Future Development

Is informality bad for business?


Formal businesses in developing countries often complain about unfair competition from their peers in the informal sector. Their complaints are often well-founded: Growing formal companies must go through the hurdles of paying taxes and fees, waiting in line for permits, and even facing greater scrutiny from government agencies.

Informal businesses, on the other hand, use minimal, if any, time or resources to comply with those regulations. As a result, they get to sell their goods and services at a lower cost than their formal competitors.

The parallel systems persist, but do formal businesses really suffer?

Impacts of internally displaced persons on formal business

In a new working paper, we explored this hypothesis by examining the large numbers of Internally Displaced Persons (IDPs) during Colombia’s armed conflict in the late 1990s and the 2000s. IDPs increased the size of the informal sector dramatically and were more likely to take informal jobs because they often lacked legal IDs, were more likely to be unskilled, had little-to-no experience in non-agricultural jobs, and many of them were affected by traumatic events that prevented them from taking high-tier formal jobs.

That leaves opportunities in the informal economy, offering cut-rate services with little regulation or oversight.

We find that the IDP inflows had large and negative impacts on formal firms in Colombia. When inflows of IDPs increased by 10 percent, the production of formal firms dropped by 3 percent. In addition, the probability of firm exit increased by 2 percentage points. A back-of-the-envelope calculation suggests that the average formal firm experienced a 6.6 percent annual decrease in its production between 1995 and 2010 because of IDP inflows.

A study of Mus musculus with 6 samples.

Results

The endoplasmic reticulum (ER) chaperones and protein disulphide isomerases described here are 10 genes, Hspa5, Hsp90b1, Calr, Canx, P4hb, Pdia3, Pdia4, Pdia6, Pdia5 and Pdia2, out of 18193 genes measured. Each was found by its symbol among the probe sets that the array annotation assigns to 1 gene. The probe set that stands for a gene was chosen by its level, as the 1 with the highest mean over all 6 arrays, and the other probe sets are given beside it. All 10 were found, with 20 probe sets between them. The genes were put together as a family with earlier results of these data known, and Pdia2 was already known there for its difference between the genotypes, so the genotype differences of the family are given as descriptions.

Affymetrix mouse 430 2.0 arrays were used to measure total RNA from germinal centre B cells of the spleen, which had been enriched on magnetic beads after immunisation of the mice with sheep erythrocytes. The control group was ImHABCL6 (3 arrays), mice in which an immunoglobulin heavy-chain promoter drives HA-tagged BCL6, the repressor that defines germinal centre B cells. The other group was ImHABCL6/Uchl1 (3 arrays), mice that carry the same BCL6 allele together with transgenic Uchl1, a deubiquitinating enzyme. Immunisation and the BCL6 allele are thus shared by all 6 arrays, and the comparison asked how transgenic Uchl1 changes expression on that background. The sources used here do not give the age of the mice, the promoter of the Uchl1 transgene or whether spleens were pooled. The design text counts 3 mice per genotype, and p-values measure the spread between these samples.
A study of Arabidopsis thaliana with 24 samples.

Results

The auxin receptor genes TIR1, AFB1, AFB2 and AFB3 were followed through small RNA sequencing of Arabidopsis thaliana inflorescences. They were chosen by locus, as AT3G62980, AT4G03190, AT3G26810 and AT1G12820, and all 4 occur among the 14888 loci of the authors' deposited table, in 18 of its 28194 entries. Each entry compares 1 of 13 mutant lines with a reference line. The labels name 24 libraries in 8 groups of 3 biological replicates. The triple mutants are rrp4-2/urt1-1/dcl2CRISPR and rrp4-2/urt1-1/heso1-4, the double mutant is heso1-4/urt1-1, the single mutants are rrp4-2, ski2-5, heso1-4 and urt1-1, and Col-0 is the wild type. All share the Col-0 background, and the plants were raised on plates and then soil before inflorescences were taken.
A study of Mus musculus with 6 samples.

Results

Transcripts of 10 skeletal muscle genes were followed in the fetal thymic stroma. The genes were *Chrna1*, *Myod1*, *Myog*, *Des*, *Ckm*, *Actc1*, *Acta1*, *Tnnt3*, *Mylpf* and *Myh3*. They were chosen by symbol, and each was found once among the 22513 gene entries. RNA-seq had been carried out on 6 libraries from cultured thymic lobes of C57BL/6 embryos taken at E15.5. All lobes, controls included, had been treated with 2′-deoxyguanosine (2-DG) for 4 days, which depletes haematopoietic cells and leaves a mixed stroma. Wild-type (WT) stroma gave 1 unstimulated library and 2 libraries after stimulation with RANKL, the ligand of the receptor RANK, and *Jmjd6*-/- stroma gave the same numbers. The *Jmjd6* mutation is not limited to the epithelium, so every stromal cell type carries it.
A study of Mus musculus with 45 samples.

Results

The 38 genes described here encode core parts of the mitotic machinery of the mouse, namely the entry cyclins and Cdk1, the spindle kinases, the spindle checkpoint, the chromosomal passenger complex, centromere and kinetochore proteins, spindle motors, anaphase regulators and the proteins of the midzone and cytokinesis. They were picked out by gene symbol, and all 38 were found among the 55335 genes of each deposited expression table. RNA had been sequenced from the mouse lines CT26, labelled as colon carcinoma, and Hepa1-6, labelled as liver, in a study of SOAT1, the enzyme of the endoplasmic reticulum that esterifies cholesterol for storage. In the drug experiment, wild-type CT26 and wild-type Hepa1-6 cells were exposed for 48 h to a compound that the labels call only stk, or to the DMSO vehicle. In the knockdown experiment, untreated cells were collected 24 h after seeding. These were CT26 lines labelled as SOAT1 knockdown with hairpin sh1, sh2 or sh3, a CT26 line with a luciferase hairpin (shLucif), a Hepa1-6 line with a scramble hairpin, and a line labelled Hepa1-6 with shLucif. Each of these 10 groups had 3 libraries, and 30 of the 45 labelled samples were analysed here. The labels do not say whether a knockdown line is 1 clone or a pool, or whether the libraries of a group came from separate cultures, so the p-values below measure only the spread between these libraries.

We also document that the negative effects of IDP inflows are concentrated on formal firms operating in sectors where informality is more predominant, and as such may face stronger informal competition. These negative impacts could be explained by different mechanisms:

Integrating IDPs and refugees into labor markets

Fast forward to today, what do these findings mean for current policies?

Take the case, for example, of the growing number of Venezuelan refugees in Latin America. According to the U.N. Refugee Agency (UNHCR), there are over 4 million refugees and migrants from Venezuela worldwide. While they were initially received with open arms, attitudes are changing as the latest waves are more likely to be unskilled and to join the informal sector. Denying them the right to work in the formal economy could push them to take informal jobs and thereby add serious pressures on Latin American formal firms, our results suggest.

More generally, our findings highlight the importance of national policies and international cooperation efforts in facilitating the integration of IDPs and refugees into formal labor markets.

The size of the informal sector is already very large across Latin America. By denying work permits, governments risk making it even larger.

The Future Development blog informs and stimulates debate on key sustainable development issues within and across all countries.

Now hosted by the Center for Sustainable Development, this blog was originally launched in September 2013 by the World Bank and the Brookings Institution in an effort to hold governments more accountable to poor people and offer solutions to the most prominent development challenges. Continuing this goal, Future Development was re-launched in January 2015 at In the ensuing years, the blog’s scope evolved in parallel with ongoing international policy debates and was formally updated in November 2022 to focus on broader challenges of sustainable development around the world.